Did you ever wonder why we all wear wedding rings on the left hand? Well, a recent MSNBC report finally answers that question and the tortuous path to today’s customs since its beginnings.
Evidently, the union between marriage and the now-standard ring placement can be traced back to second-century Egyptians who falsely believed that “a certain most delicate nerve” began in the fourth left finger and stretched directly to the heart, according to the Greek scholar Appian. Centuries later, the Romans came to a similar conclusion. In place of a nerve, they were convinced that a vena amoris—or “lover’s vein”—connected this digit with the blood-pumping organ.
During the Roman engagement process, a well-off suitor who could afford a ring would slip it over his bride-to-be’s fourth finger. Thus, he’d always have a symbolic grip around her lover’s vein. The modern world may have adopted that practice from the Romans.
Still, others argue that reverence for the fourth finger begun as an early Christian ritual. While crossing themselves in an Orthodox Church, worshipers are expected to join the thumb with the index and middle fingers. Historians contend that the group represented the father, son, and Holy Ghost when placed together, while the “ring” finger signified earthly love, making it the perfect location for a spouse’s wedding ring.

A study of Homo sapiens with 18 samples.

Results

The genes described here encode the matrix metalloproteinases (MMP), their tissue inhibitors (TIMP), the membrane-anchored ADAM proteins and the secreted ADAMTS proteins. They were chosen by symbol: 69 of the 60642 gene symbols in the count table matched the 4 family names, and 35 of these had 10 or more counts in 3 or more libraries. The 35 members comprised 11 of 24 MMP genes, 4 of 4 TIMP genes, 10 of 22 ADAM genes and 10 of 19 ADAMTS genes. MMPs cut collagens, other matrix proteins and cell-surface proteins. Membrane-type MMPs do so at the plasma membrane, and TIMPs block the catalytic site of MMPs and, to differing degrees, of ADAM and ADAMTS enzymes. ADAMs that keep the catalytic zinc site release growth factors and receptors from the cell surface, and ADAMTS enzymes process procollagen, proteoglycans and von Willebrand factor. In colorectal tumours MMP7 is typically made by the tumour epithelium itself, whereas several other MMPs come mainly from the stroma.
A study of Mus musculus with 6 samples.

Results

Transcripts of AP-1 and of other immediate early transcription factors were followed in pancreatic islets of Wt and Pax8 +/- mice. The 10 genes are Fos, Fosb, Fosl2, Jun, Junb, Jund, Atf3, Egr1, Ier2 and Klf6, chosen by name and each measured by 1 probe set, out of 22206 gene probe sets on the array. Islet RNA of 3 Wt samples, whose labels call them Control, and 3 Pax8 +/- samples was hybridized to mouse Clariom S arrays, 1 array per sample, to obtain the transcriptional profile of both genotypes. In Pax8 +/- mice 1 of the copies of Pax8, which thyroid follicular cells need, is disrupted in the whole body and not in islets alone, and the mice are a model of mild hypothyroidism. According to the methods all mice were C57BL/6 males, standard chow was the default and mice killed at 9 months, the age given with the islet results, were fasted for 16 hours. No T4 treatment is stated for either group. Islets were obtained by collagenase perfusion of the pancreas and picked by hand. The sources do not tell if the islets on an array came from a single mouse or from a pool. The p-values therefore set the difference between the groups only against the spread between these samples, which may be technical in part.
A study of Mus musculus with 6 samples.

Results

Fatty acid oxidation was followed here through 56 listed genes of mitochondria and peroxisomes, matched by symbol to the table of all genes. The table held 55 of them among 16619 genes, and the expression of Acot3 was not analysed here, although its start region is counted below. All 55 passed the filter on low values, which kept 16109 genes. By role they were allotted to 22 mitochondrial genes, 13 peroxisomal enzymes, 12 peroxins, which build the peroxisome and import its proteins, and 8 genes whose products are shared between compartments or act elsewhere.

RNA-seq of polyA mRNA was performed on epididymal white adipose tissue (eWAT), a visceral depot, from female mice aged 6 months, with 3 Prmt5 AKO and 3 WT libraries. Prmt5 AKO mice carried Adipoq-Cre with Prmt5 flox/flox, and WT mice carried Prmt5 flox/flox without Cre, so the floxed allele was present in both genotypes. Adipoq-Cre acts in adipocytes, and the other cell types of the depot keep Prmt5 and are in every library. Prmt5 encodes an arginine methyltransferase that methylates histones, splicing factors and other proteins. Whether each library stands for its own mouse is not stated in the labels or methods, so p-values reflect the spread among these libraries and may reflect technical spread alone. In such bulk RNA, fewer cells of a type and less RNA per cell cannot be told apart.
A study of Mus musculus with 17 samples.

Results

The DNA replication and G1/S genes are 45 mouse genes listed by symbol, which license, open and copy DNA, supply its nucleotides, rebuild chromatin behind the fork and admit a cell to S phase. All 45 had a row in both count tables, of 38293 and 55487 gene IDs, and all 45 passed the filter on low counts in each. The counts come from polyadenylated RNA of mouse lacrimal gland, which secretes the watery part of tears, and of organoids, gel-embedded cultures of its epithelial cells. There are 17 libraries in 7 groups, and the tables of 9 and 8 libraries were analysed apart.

Until the seventeenth century, Orthodox couples normally wore their rings on the right hand (an extremity that’s associated with strength) and most Europeans of all faiths followed suit. But during the Reformation in 1549, an English Bishop and Protestant reformer named Thomas Cranmer used wedding rings as a way to break from tradition. That year, he published The Book of Common Prayer, which instructs couples to ditch a centuries-old practice in favor of slipping their wedding rings over the left fourth finger. Before long, husbands and wives throughout the continent were doing so.
Who knew that what we all take for granted had such a tortuous path?